Friday, October 21, 2011

Learning About Manila's History with Carlos Celdran

Entrance to Fort Santiago
After the job interviews I had early last Tuesday (yes, I had figured out my messed up biological clock), Carlos Celdran opened up ten slots for barter trade for his Intramuros tour. Since he's okay for anything, I just brought him kakanin's from Marilao, Bulacan. You have to understand, I have to grab that opportunity  because given my current financial state, I could never afford  the tour. So there I was, 3PM, Tuesday, at the middle of a quite diverse group with two cute American guys beside me (who happened to be me Kalesa-mates), embarking on a journey within the walls of Intramuros.

One thing is evident, Carlos is not the same as any other tour guides. He is not the usual hey-look-at-that tour guide. He is very dynamic and theatrical as he uses the whole Intramuros as his stage. Armed with his rich inside knowledge on Philippine History, his witty sesnse of humor and a couple of santan flowers serving as confetti, we laughed the whole way while learning from the past.

The thing that moved me the most during the tour is about the post-war Manila part. We were in front of the ruins of San Ignacio Church beside what used to be Ateneo Municipal and he asked all of us to take a minute of silence for the 100 thousand lives lost during the Manila Massacre and the Manila Bombing. 100 thousand lives! I didn't have the idea about that! All I knew was Manila was devastated after the war but what I didn't know is that it was the second most destroyed city during the war-- after Warsaw-- and we lost 100 thousand civilians!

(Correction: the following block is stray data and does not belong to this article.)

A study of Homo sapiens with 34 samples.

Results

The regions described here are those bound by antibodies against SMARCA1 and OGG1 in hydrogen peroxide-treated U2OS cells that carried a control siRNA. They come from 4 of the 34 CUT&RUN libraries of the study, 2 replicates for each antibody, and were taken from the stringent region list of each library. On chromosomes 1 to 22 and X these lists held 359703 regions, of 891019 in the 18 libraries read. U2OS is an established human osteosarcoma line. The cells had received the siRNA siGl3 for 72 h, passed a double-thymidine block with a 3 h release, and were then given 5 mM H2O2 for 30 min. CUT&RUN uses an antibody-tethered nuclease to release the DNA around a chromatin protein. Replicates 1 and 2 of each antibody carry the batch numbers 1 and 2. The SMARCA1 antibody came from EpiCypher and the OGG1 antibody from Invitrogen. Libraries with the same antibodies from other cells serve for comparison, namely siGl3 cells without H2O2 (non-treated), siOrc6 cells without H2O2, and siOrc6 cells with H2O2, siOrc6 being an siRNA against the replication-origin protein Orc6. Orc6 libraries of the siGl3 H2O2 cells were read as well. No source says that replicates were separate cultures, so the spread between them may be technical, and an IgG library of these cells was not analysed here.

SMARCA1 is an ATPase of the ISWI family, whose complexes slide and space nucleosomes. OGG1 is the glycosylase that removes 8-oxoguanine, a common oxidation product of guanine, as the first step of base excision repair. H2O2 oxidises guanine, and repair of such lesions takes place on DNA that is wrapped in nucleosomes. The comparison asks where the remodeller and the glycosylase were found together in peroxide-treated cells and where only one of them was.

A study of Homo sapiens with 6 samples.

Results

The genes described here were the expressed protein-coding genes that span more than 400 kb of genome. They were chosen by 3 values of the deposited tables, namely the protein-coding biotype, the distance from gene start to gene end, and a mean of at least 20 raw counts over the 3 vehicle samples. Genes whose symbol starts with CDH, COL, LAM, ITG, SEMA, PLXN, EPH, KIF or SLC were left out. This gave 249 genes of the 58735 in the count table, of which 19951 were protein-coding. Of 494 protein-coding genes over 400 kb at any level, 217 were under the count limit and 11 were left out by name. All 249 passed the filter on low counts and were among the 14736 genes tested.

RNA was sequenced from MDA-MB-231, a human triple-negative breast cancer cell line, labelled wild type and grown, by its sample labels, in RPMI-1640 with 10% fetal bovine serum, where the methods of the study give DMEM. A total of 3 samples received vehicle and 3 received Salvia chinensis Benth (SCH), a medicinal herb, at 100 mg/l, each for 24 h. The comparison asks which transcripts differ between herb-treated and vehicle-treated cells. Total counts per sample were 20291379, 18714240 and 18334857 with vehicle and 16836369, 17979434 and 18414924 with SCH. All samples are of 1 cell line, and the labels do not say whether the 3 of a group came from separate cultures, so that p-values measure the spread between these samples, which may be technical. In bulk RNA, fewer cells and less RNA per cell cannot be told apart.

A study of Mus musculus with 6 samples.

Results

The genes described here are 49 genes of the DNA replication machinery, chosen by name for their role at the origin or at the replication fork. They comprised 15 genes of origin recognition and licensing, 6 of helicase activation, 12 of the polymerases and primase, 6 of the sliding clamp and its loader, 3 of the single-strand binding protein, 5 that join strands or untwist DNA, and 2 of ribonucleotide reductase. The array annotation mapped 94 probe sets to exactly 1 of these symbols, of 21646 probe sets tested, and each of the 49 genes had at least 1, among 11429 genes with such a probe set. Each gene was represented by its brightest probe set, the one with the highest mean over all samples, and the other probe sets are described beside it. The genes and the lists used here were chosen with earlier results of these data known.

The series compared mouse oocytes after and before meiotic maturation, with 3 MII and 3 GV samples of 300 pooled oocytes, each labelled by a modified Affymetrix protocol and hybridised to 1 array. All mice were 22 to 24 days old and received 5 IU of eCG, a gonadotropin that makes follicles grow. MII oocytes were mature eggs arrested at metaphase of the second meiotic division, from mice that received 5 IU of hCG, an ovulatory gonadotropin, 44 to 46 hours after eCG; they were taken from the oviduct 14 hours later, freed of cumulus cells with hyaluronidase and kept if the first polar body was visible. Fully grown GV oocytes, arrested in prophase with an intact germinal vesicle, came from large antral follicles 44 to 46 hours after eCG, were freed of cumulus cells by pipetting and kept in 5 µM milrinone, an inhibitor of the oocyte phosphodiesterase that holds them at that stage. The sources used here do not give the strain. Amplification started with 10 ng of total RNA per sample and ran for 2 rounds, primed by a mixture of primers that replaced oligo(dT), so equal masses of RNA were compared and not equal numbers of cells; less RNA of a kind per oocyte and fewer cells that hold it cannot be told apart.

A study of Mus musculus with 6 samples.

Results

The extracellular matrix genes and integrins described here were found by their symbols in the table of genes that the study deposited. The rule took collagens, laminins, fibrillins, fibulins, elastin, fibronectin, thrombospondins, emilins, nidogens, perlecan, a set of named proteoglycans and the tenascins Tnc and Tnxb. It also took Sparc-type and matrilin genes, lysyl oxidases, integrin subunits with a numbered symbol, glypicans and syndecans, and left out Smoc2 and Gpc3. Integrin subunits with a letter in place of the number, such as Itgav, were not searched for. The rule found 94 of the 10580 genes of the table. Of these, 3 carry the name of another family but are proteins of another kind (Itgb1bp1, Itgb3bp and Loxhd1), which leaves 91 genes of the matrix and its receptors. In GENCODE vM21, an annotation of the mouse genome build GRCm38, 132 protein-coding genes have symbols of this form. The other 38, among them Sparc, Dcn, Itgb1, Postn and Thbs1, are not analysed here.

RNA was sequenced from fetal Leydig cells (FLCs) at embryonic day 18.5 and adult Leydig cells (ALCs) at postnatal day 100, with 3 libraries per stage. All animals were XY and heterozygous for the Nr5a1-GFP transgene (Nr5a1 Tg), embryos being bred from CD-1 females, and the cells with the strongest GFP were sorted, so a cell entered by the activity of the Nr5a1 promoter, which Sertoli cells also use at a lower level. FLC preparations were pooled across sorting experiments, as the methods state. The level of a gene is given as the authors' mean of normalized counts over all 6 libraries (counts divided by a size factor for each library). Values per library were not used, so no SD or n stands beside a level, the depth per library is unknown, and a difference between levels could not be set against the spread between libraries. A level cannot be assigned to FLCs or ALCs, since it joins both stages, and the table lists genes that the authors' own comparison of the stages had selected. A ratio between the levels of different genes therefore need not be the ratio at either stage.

Realizing this, I reflected how my current knowledge about our history is actually deficient. I know something about our history but I realized that I do not know enough. Coming from a public high school whose only history came from the distant HS freshman past, we do not have enough time to tackle this part of the history. Extending this thought, there again is the infamous problem on our education system-- and I don't want to go into that.

The Overly Decorated Jeepney. Carlos describes how Filipinos
tends to overly decorate.

There is so much to learn on the two and a half hour-trip. We learned that our "unoriginal" culture makes us exquisitely unique. We also realized that our culture can be summarized by the idea of the jeepney: That we have the tendency to be excessively and superfluously dramatic. You can look at it either in the good and the bad way but the best thing Carlos did is that he let us realized both perspectives. The Filipino culture is such a mixture of all these influences, victimized by its colonizers but then again living the best of both the West and the Orient. Like the jeepney, Carlos showed us another microcosm of our culture: The Halo-halo-- and we ended our tour crushing ice atop of this all-time favorite.
The Halo-halo. Like Halo-halo, the Filipino culture is a mix of influences.